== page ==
ROCKPORT, Maine — Two Select Board members retained their seats after a public hearing Tuesday night to determine if the board members had acted against town laws after their businesses contracted with the town for work.
Select Board Chairman Bob Duke, who owns Floor Magic, and board member Tom Farley, who is the vice president of Farley and Son Landscaping Inc., had done more than $120,000 of contracted work with the town in their time as Select Board members.
The town charter indicates that board members may not have business relationships with the town for which members receive compensation. If the two men were found in violation of this part of the charter, they would not be eligible to hold seats on the board.
Rockport residents and the two board members presented cases to the reduced three-person board, which ultimately voted 3-0 to keep Duke and 2-1 to keep Farley.
Select Board member Dale Landrith made both motions to keep the men on the board. After the meeting, he said he thought Duke didn’t have a business relationship with the town.
“It was a one-time issue,” Landrith said.
As for Farley, “He doesn’t receive compensation for the work Farley and Son does for the town,” Landrith said.
Board member William Chapman voted against Farley.
“I think he is in current violation of the charter,” Chapman said after Tuesday’s meeting. “He is the vice president of the corporation that does [business with the town]. Corporations are individuals under United States law.”
Farley told the board that he simply is a salaried employee of Farley and Son.
“I do not receive compensation directly in my pocket to me from the town,” Farley said at the meeting. “I bid for Farley and Son and my father finalizes the bids.”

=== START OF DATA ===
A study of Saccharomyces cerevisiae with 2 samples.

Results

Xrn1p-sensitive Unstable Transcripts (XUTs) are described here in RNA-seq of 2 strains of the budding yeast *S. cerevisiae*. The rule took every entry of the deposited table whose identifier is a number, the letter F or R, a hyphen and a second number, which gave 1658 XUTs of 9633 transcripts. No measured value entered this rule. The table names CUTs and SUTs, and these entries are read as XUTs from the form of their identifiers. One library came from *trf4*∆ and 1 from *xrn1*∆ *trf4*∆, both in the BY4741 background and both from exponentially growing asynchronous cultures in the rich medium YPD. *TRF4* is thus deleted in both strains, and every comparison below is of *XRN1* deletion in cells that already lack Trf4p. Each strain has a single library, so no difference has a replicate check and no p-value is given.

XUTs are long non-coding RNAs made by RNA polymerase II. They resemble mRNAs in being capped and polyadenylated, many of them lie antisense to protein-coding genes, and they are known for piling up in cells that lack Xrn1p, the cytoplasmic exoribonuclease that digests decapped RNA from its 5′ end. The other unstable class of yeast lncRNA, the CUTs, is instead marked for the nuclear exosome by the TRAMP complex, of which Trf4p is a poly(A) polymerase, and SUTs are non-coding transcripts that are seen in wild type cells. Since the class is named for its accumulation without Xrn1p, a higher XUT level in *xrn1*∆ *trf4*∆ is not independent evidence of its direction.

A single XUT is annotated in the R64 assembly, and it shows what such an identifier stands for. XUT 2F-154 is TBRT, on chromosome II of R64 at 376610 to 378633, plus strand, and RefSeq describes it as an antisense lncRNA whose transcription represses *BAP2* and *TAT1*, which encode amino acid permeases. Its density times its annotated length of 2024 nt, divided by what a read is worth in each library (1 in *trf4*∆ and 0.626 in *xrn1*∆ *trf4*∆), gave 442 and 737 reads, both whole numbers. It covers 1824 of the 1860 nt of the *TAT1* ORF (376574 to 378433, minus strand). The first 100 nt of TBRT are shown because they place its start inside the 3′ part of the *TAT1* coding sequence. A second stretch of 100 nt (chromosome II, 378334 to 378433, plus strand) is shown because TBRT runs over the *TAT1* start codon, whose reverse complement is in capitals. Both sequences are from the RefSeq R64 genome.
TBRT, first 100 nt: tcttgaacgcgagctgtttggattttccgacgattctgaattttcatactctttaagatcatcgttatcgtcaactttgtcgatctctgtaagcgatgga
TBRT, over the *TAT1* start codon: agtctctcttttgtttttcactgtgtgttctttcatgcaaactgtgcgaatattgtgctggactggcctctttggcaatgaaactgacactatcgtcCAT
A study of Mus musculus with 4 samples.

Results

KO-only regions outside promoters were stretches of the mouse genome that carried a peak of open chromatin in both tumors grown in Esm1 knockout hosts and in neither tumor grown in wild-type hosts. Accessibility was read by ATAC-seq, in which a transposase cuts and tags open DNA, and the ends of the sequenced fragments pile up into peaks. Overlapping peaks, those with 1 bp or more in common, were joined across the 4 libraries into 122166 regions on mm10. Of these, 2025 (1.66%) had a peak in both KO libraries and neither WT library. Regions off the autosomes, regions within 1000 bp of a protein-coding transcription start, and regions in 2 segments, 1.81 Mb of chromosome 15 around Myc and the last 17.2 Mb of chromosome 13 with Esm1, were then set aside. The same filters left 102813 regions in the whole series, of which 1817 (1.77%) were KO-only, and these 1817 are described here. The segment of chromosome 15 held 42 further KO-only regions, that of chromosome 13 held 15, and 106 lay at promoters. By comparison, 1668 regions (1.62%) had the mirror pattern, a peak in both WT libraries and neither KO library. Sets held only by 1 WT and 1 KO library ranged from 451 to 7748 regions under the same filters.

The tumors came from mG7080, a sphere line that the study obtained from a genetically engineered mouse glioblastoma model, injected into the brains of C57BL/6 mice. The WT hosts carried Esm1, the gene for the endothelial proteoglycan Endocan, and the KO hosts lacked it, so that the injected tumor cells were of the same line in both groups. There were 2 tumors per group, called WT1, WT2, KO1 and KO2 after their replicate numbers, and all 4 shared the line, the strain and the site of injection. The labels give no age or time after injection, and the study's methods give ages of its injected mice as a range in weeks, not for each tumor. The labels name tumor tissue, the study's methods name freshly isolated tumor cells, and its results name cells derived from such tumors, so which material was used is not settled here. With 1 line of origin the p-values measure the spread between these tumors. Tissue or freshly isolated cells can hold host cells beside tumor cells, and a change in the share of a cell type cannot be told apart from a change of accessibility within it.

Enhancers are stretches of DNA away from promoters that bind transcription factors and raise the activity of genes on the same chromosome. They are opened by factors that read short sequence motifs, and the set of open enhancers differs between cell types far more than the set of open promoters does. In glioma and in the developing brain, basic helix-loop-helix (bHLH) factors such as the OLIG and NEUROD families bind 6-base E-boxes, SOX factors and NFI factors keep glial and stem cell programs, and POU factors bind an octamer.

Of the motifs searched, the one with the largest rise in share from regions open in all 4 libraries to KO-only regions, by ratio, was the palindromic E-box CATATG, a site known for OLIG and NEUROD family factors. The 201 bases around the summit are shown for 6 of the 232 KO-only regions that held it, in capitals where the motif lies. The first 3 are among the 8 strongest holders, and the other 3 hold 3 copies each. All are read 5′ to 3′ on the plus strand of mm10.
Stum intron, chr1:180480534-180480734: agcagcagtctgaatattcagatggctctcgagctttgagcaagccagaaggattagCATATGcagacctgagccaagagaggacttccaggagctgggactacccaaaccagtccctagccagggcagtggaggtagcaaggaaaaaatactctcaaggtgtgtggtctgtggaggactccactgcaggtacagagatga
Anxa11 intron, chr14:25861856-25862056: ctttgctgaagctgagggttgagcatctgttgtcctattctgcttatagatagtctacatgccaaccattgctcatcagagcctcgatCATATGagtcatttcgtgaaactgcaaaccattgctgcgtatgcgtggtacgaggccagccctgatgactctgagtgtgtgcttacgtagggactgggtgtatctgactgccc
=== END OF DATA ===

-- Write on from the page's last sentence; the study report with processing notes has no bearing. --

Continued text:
Farley and Son has cemetery lawn-mowing contracts with Rockport and a road repair contract. Town documents indicate Farley and Son received $116,365 in compensation for goods and services including formal bid and no-bid contracts for town landscaping work during Farley’s time on the Select Board.
Some residents raised concerns about Tom Farley’s signature being on the bids and contracts with the town.
“You people on the board know what I’m all about, and that is good news because I represent the taxpayer,” Farley said.
In Duke’s compliance hearing, several Rockport residents spoke to the board, including Gordon Best, who said that Duke — who helped write the town’s charter — should have known there was the possibility of a conflict when he first joined the Select Board.
“That’s why this is particularly distressing to me,” Best said. “Bob knew that there was a possibility of a violation. That whole discussion should have happened there, not here, and it didn’t. The ball was dropped then.”
Duke’s Floor Magic business in Rockport and Damariscotta has received $7,171 from the town for goods and services during his time on the board, according to town documents.
Other residents expressed concern about Duke, including Robert Nichols, who handed the board public documents showing Duke’s contracts between his business and the town.
“Those documents make it crystal clear that Bob Duke had business relationships with the town and he received compensation,” Nichols said.
In his statement to the board, Duke said he did not have regular business interactions with the town, which he said rebuts the allegations that he had a “business relationship,” which the charter forbids. The business he had with the town, which included a contract to install wood flooring in the Rockport Opera House, was not ongoing.
“We did one job. To be honest with you, after I got through, I think I made $1,000 off this job. So what did I do? I bought $1,000 of carpet and put it in the opera house,” Duke said at the meeting. “That’s what is insulting.”
After the board voted unanimously that Duke was not in violation of town law, Duke was still steaming.
“I’m bitter,” Duke said after the hearing. “If that is the way to reward public service, why do public service?”
Both Duke and Farley said they plan to remain on the board.